Samantha Dodd once read that every year 650,000 people shake the hand of the president of the United States - and she never imagined that she would be one of them.
Dodd, a senior at Wheeling Park High School, was one of only two chosen from 400 young women at West Virginia Girls State to go on to American Legion Auxiliary Girls Nation in Washington, D.C. this past July, an honor that earned her a meeting with President Barack Obama at the White House.
"I met with Barack Obama and that was incredible. He was just so personable and you could tell everyone was nervous, there were girls crying," Dodd said. "He had a smile on his face and he took time to hug and talk to every one of us. You have to respect a politician who takes time to do that."
Photo by Sarah Harmon
Samantha Dodd, a senior at Wheeling Park High School, was one of two young women from West Virginia chosen to participate in Girls Nation in Washington, D.C. this past July, an honor that led her to the White House to meet the president and a visit to a veteran’s hospital in Bethesda, Md., to meet with wounded soldiers.
In addition to meeting the president, Dodd said her most memorable experience at Girls Nation was a visit to a veterans hospital in Bethesda, Md., to meet with wounded soldiers. She said their patriotism and pride and their deep love for the United States made her "look at America completely differently."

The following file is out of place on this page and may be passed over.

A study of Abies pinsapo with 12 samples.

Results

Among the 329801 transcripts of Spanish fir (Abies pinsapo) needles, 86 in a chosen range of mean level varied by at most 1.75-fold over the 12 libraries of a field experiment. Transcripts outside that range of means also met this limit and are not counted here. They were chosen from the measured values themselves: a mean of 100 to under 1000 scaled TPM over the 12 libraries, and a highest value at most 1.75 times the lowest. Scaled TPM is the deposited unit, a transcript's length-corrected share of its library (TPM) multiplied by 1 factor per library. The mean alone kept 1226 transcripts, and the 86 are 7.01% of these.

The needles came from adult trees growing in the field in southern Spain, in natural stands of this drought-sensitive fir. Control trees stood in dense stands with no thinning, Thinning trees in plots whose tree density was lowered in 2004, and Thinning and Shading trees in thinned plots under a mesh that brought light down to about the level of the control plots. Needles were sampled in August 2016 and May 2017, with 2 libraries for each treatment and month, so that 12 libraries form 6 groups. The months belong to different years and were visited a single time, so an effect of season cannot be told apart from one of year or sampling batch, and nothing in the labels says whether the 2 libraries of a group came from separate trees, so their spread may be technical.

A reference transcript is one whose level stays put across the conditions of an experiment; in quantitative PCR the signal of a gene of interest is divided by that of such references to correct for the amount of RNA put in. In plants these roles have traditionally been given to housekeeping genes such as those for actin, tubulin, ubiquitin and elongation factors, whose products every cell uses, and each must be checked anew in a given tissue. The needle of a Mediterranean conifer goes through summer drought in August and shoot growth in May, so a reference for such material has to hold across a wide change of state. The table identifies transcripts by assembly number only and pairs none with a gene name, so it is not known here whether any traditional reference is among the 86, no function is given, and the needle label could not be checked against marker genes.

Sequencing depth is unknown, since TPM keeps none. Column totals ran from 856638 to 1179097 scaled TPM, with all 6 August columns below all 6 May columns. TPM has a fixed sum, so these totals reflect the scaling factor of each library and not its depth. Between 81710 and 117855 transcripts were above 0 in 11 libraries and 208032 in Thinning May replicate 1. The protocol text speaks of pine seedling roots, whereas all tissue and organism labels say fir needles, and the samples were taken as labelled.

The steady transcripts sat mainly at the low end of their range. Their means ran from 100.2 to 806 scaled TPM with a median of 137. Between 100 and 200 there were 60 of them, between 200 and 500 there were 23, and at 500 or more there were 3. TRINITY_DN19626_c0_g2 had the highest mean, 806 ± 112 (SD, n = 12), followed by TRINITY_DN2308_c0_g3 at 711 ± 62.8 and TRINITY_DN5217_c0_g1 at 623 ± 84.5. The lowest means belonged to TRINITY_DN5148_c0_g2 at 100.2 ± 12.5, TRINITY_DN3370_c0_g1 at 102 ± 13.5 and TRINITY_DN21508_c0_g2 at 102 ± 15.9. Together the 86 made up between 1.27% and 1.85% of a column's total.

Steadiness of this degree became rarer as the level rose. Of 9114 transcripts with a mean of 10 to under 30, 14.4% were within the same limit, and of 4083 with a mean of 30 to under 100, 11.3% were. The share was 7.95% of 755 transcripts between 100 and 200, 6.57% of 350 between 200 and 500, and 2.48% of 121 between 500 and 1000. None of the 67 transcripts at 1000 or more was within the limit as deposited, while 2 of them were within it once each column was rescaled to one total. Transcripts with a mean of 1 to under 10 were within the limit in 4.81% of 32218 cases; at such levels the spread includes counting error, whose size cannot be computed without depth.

"It's surprising, you don't realize how much the veterans really do for our country," Dodd said. "When we talked to them, everything they said was about how they want to have their families have a safe home. It's just incredible to think that someone's willing to give their life for the United States, they're not just thinking about themselves."
Dodd also had the opportunity to meet with Sens. Joe Manchin and Jay Rockefeller, both D-W.Va., to speak with them and tour their offices.
"You can see how much (Manchin and Rockefeller) care about West Virginia. They asked us what our goals were and showed us how it affects our community," Dodd said.
When not meeting with national figures and veterans, Dodd said she learned about parliamentary procedure, how Senate sessions work and how to create a bill that contained what she "wanted to see change" in West Virginia. Dodd said after attending Girls Nation and Girls State, she pays more attention to politics and has a deeper appreciation of how the national government and how local governments work.
"After attending Girls State and Girls Nation, I definitely stand up and say the Pledge with more pride than I ever have before," Dodd said.
Dodd is the daughter of WPHS teacher Christy Dodd and her husband, Matt. Samantha is co-captain of the cross country team, president of Key Club and a volunteer for Easter Seals and the Wheeling Symphony. She plans to pursue an engineering degree and is still is deciding what college to attend.